May 15, the day after the anniversary of Israel’s creation in 1948, is known in the Arab world as “Nakba Day,” or “the day of the catastrophe.” We can expect Arab militants to spend Tuesday hurling rocks and firebombs at Israeli passersby as an expression of mourning over Israel’s defeat of the invading Arab armies. Probably not many of the rioters realize that while Arab tanks and planes were unable to prevent the birth of the Jewish state, the U.S. State Department almost succeeded in doing so.
Documents I discovered in the research for my new book, “Herbert Hoover and the Jews: The Origins of the ‘Jewish Vote’ and Bipartisan Support for Israel” (coauthored with Prof. Sonja Schoepf Wentling) reveal the State Department went so far as to threaten to incite a wave of anti-Semitism in the United States if Zionist leaders did not cancel the planned proclamation of the state of Israel.
In the end, though, the State Department’s bullying campaign was stymied — by a dose of old-fashioned American democracy.
“I have about come to the conclusion that the situation is not solvable as presently set up,” Truman wrote to a friend. The Jews wanted “a big stick approach” by the U.S. to implement the partition plan, but “we can’t do that.”
What Zionist leaders actually wanted was not American intervention, but a shipment of some U.S. “big sticks” so the Jews could defend themselves against the Arab onslaught. The State Department, however, persuaded Truman to impose a complete arms embargo on the Middle East. That move primarily affected the Jews, since the Arab states had little difficulty obtaining weapons from Great Britain and other countries.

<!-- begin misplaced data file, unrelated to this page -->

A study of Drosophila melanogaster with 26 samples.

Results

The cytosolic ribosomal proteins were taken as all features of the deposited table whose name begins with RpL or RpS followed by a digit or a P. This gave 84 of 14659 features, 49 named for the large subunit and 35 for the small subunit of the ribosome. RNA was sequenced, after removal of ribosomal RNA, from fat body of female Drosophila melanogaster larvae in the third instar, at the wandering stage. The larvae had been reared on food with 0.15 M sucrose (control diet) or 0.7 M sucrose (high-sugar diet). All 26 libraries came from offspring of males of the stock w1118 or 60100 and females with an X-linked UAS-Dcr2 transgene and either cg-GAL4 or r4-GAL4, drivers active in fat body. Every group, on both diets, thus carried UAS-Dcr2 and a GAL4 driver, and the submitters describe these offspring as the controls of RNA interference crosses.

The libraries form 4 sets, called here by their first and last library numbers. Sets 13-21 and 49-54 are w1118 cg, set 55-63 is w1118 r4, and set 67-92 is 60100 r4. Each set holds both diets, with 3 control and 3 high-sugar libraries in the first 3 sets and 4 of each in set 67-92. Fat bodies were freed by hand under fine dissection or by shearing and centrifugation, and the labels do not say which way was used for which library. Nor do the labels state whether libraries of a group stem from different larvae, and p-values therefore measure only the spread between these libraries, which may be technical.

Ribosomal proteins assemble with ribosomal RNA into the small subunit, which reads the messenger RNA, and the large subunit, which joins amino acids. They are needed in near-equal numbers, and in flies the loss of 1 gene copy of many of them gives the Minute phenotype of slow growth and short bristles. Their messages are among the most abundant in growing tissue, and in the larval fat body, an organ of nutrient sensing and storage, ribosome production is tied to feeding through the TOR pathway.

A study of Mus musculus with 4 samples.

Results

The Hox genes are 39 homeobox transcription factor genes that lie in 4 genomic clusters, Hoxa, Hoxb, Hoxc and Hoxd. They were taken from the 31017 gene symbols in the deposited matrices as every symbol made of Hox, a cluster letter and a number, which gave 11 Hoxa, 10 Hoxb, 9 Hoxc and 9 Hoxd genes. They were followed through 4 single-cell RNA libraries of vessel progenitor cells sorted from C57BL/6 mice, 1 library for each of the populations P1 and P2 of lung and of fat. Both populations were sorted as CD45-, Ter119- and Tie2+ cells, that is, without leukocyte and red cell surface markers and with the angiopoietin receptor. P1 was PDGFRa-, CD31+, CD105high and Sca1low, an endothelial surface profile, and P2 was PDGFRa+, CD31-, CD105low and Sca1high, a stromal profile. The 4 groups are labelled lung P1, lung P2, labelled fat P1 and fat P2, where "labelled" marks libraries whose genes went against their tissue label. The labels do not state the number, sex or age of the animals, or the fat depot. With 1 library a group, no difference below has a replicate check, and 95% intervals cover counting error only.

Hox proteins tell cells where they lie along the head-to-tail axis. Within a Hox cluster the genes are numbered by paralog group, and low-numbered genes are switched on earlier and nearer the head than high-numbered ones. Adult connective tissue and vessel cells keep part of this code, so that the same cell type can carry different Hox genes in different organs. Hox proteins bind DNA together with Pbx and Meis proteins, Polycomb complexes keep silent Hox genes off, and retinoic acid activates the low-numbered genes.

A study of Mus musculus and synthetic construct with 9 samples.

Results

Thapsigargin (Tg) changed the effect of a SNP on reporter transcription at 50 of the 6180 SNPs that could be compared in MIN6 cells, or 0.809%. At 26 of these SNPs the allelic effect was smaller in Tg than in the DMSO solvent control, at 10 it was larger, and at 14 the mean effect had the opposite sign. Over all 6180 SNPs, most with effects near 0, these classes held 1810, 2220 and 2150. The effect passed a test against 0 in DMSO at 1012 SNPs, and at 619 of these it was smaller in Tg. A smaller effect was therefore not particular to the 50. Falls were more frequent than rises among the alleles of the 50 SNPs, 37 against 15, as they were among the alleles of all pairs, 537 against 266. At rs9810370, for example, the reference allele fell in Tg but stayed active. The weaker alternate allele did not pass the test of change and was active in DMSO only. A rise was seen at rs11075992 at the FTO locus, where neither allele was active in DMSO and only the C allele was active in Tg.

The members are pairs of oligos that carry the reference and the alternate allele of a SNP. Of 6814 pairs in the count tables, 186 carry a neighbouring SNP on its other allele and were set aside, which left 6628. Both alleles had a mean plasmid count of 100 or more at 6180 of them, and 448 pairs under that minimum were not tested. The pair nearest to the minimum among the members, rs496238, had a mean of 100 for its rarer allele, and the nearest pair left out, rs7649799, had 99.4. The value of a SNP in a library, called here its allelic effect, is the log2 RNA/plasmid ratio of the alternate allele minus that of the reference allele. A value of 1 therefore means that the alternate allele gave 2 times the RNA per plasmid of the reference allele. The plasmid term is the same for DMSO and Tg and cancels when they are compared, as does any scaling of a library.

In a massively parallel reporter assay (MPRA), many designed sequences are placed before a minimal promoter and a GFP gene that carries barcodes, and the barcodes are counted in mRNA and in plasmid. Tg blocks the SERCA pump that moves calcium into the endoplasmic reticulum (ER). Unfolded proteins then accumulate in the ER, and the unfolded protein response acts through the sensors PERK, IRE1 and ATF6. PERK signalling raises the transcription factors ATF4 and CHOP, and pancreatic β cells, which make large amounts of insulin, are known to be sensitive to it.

Despite protests from Republicans and dissident Democrats (former New York governor Herbert Lehman, for one, said the policy was “giving aid and comfort to the Arabs”), Truman refused to budge. The administration rejected even a request for armored plates to shield Jewish civilian buses from Arab snipers.
The State Department also convinced Truman to support “international trusteeship” over Palestine instead of Jewish statehood. When the American ambassador to the United Nations announced this new policy on March 19, 1948, an enormous public outcry erupted. Thousands of angry letters and telegrams poured into the White House. Congressman Arthur Klein (D-NY) called it “the most terrible sell-out of the common people since Munich.” Zionist leader David Ben-Gurion denounced Truman’s reversal as “a surrender to Arab terror.”
Surprised by the fierce reaction, Truman tried to distance himself from his ambassador’s statement, blaming the trusteeship idea on officials in “the third and fourth levels of the State Department.” In fact, according to the documents I found, during the weeks to follow, the Truman administration — including the first level of the State Department — continued to promote that policy, and went even further.